House gives approval to guns on public property
CONCORD – The House Wednesday approved a bill that would prohibit public colleges and universities, as well as any group, organization or business that uses public lands or publicly owned or financed buildings from banning firearms.
Gov. John Lynch has vowed to veto House Bill 334, which passed on a 180-144 vote, not nearly enough for an override.
The bill was of particular concern to public college officials who said it would prohibit them from banning firearms on campuses.
The bill would also prohibit banning firearms facilities such as the Verizon Wireless Arena, Northeast Delta Dental Stadium, the state hospital and at state-owned buildings at the Pease International Tradeport in Portsmouth.
Rep. Stephen Shurtleff, D-Concord, said the bill would allow guns at day-care centers on state property, including community colleges, and at the Merrimack County Nursing Home.
The bill “is like yelling fire in a crowded theater,” he said. “There are some places in New Hampshire where we just don't want guns. This bill will put guns in places they just don't belong.”
Rep. Mark Warden, R-Goffstown, said HB 334 is a common sense bill with two main components: it includes knives with the restrictions on firearms, and it codifies that the general court has exclusive authority over firearms and knives.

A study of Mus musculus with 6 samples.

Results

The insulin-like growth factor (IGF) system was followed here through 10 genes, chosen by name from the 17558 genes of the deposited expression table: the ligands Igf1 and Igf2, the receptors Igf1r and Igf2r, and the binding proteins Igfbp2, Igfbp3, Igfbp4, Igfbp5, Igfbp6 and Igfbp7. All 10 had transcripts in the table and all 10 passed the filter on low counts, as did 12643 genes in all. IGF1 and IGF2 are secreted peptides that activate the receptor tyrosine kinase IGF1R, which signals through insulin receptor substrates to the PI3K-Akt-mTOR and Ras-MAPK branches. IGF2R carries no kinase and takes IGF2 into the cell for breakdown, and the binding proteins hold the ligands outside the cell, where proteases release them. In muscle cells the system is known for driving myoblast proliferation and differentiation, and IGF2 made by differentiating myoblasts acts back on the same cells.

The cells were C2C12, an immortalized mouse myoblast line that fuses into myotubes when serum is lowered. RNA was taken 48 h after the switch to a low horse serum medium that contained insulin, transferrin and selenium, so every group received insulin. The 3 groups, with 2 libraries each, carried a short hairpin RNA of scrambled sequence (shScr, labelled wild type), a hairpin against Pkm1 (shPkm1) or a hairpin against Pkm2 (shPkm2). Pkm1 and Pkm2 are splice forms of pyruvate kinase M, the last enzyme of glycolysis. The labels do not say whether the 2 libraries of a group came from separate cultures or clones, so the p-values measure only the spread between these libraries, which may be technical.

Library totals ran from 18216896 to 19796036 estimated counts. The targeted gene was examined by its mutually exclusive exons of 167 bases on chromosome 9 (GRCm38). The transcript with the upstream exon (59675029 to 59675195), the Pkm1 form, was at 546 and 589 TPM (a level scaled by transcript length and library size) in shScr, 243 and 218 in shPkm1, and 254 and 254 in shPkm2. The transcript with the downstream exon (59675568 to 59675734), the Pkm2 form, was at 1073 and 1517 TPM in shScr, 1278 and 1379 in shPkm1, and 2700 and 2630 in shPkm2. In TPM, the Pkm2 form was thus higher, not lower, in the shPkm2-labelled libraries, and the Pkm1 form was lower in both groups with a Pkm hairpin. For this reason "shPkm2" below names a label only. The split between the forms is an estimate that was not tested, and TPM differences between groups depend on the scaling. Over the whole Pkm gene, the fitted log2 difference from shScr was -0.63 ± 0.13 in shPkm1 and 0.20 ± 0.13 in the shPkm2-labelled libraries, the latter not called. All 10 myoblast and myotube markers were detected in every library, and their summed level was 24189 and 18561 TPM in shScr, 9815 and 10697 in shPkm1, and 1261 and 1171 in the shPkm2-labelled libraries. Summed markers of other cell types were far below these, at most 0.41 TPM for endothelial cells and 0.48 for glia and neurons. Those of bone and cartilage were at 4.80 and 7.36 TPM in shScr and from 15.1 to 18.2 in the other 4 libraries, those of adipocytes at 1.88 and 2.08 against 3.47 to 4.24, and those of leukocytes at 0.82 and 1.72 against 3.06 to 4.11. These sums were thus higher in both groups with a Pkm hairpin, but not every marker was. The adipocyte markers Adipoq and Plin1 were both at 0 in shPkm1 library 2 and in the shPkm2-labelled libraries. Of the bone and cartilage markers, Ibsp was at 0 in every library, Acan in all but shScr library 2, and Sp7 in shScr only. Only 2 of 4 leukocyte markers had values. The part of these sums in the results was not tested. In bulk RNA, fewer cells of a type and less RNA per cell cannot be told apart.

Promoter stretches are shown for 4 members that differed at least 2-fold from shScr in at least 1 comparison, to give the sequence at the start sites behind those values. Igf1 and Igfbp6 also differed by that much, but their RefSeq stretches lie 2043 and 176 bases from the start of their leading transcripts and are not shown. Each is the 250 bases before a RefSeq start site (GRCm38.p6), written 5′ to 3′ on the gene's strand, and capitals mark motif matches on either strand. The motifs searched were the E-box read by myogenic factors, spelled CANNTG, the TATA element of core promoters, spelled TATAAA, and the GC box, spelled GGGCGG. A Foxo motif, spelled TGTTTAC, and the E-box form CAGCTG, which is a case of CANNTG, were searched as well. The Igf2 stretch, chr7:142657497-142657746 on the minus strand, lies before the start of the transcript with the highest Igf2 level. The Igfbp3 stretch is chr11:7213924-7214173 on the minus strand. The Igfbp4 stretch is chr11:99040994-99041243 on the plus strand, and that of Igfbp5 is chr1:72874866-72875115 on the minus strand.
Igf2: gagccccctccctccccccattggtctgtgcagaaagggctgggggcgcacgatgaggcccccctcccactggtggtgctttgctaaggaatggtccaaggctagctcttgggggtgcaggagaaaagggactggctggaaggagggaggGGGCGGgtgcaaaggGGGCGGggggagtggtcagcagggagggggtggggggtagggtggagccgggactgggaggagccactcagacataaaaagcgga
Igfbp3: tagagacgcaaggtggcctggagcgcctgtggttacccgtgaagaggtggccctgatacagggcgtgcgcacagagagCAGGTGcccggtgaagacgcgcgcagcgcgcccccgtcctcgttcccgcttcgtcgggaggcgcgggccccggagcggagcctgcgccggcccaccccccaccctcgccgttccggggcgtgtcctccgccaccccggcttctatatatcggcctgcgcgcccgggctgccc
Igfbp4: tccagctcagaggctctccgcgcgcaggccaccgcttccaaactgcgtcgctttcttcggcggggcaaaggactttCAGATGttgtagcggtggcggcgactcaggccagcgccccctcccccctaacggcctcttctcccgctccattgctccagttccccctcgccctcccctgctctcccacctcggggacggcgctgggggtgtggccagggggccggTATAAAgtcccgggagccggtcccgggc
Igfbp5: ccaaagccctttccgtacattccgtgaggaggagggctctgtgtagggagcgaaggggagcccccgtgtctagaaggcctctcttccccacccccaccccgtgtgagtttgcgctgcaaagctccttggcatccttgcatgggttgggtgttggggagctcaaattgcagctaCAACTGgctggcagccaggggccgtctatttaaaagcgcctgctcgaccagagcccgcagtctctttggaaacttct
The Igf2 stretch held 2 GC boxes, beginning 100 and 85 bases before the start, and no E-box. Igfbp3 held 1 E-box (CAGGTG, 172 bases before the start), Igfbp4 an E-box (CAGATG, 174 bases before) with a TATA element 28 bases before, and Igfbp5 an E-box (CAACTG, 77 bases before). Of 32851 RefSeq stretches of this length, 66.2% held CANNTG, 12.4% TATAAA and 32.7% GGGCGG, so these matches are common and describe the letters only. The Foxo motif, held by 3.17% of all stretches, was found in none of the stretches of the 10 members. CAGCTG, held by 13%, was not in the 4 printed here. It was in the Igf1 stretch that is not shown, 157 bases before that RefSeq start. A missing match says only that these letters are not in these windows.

Giving the Legislature the exclusive authority to set firearms policy avoids the patchwork of regulations “we have around the state,” Warden said.
On Tuesday, Lynch stood with law enforcement and public college officials to oppose the bill, asking “the House to listen to our higher education administrators and to law enforcement and reject this reckless legislation. It is uncalled for and unnecessary.”
HB 334 is one of three bills Lynch said he would veto that would loosen restrictions on what he called New Hampshire's already gun-friendly laws.
The others include House Bill 536, which would do away with the permit requirement to carry a concealed weapon, and HB 194, which would allow a rifle or shotgun to be considered loaded only if a bullet is in a gun's chamber, not if bullets are in the gun's magazine.
Current law states a rifle is loaded when there are bullets in it – whether there is a round in the chamber or not.
The House is likely to vote on the two bills today.
HB 334 will now go to the Senate where its fate is uncertain.